Costa Rica: the story so far


I only have a few minutes here, probably, as we’re huddled in a mountaintop hotel in the middle of what, by my estimation, is a total fucking hurricane, but we’ll try this out and see how it goes.

In Costa Rica, so far, I have:

– drunk beers in the back of the rental car
– swum in several lovely pools
– swum in the ocean
– borne witness to the most amazing sunset EVER, while swimming in the ocean
– stolen a bunch of shit from our crappy hotel in Dominical
– gotten a huge zit on my chin
– possibly been stung by a jellyfish
– fed wild monkeys
– sampled several different ceviches
– ordered several meals that I knew I wouldn’t like, but somehow liked anyway
– including a meat empanada I bought at a gas station diner near Puntarenas
– read 113 pages of literary porn, seven pages of which were repeated aloud to my friends

Today we left the beach town of Manuel Antonio with the intention of staying a night in Jaco, some 2 hours north. But the scene in Jaco was pretty touristy and lame, so at 3pm we decided to forge onward to Monteverde (Green Mountain, aptly named). After many soul-jostling miles of winding mountain roads, we conducted an economist survey of local hotels before settling on an admittedly seedy room in the center of town. It was wickedly cold and windy, not so much raining as whipping vapor, and just as we began to unpack… all the lights went out.

The hotel we’d decided on was a tiny place on what I suppose is the “main drag” of town. It looked like a flophouse – there was an old drunk passed out on the sidewalk outside, a gaggle of chain-smoking teenagers, a groceria, and a bar, and the entrance to our hotel was a series of sliding glass doors which enclosed a massive, low-hanging tree. Instead of linoleum, the hotel had a gravel floor, and the reception booth was caged in by plexiglass, like you’d see at a carnival ticket window. Rooms were $80/night for a double, and were barely large enough to fit two double beds. The bathroom sink was chafing tile, and the shower looked sketchy, at best. On the upside, though, I was promised free internet, free cable, free breakfast, and an in-room safe. The other hotels, although cheaper, had even smaller, sometimes windowless accommodations, and we’d have had to leave our valuables at the front desk. Seriously, I’d rather sew my computer to my leg than leave it with some of these people.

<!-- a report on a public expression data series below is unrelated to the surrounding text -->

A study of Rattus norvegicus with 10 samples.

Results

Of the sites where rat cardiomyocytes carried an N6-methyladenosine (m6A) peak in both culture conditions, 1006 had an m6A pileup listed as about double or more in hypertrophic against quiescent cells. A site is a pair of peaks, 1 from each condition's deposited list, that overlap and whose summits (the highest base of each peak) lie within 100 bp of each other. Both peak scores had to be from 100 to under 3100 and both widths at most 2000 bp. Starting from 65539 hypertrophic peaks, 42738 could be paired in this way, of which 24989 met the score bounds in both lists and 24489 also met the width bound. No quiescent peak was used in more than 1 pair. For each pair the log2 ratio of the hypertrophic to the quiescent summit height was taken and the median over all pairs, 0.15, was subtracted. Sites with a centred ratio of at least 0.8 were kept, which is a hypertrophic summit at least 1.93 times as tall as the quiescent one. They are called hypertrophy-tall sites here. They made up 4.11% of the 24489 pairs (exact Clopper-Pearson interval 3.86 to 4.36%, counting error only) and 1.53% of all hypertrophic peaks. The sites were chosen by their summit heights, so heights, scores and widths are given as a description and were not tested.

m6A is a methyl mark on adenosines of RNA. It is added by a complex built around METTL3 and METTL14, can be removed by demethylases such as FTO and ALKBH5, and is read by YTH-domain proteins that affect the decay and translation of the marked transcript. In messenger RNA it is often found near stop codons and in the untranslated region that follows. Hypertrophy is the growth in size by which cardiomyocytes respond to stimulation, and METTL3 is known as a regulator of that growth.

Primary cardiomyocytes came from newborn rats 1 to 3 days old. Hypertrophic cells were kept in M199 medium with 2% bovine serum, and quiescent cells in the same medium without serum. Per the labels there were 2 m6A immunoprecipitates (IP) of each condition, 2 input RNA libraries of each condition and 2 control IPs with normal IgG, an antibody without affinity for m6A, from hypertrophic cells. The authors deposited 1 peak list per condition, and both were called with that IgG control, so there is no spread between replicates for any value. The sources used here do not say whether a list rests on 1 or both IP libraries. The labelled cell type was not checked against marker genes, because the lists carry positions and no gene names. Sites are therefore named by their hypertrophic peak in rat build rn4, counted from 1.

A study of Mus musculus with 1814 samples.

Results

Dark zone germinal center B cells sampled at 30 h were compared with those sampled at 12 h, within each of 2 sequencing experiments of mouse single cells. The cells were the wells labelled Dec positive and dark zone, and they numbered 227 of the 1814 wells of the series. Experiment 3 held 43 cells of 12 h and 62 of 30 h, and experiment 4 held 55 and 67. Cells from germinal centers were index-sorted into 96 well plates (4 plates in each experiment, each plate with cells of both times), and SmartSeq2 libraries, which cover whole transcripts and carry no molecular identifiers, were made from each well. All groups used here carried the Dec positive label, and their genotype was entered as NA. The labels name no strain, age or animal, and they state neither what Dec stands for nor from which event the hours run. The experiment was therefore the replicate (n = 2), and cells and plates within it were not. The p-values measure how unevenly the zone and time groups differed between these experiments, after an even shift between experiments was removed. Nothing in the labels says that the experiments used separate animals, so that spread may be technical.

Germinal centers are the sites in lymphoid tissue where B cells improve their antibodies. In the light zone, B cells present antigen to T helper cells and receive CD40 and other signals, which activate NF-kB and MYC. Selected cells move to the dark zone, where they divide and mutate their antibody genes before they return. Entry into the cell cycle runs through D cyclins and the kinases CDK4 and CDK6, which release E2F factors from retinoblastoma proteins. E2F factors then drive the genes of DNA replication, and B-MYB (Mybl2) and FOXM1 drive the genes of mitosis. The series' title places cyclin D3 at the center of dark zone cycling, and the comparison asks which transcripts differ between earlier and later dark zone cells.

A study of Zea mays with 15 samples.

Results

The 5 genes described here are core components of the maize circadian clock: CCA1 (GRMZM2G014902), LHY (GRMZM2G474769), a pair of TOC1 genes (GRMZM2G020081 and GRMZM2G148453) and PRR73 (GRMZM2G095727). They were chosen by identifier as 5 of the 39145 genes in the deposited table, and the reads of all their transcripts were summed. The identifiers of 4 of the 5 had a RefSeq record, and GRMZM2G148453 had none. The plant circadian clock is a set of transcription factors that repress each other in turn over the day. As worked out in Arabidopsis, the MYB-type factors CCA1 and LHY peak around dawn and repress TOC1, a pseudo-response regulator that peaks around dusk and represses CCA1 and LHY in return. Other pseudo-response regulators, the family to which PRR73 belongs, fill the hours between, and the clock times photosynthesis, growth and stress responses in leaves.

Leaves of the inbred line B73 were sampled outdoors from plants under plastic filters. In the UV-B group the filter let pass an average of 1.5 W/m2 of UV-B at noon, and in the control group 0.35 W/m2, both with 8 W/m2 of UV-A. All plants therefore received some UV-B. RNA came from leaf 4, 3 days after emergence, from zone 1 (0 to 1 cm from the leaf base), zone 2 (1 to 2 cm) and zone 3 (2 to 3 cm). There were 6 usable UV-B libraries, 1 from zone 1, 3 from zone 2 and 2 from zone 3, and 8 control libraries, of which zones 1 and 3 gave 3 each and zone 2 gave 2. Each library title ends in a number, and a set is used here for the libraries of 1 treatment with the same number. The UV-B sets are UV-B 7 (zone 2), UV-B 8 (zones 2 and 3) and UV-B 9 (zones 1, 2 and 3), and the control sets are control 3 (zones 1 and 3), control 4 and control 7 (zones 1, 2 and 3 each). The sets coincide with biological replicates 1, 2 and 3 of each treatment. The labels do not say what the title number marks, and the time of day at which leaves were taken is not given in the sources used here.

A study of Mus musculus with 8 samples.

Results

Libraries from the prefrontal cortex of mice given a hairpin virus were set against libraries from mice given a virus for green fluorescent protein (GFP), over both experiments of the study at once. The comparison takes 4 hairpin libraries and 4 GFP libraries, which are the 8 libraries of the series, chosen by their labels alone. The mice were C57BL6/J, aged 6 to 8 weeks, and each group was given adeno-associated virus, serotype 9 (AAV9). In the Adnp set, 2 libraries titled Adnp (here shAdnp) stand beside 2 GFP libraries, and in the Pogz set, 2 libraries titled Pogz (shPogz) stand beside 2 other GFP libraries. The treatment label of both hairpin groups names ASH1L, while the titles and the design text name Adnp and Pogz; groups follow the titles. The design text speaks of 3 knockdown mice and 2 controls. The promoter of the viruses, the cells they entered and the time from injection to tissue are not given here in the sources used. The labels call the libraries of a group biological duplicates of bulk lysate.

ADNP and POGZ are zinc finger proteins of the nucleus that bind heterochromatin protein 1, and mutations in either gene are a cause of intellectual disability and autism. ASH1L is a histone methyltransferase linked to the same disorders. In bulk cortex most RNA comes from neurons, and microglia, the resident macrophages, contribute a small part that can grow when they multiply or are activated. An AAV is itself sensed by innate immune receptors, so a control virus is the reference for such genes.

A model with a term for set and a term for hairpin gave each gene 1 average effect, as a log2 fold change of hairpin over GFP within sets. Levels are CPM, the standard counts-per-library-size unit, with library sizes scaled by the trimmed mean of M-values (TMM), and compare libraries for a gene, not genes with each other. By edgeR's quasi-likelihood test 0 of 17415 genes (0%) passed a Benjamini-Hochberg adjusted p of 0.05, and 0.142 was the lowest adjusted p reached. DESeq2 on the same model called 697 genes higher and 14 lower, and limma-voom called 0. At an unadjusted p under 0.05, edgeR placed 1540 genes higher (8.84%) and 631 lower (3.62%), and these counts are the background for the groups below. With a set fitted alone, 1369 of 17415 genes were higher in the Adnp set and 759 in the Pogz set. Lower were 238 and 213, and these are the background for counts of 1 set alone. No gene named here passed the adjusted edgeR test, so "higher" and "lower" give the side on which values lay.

I’d been having fun with the drive and all, but hopping in and out of the car wearing shorts and a tank top in morbidly damp wind and rain had worn me out. “I’m SO done with not being drunk,” I said, moments before we lost power. “Where’s the fucking vodka?” Then everything went black. Seriously. WHERE is the fucking vodka??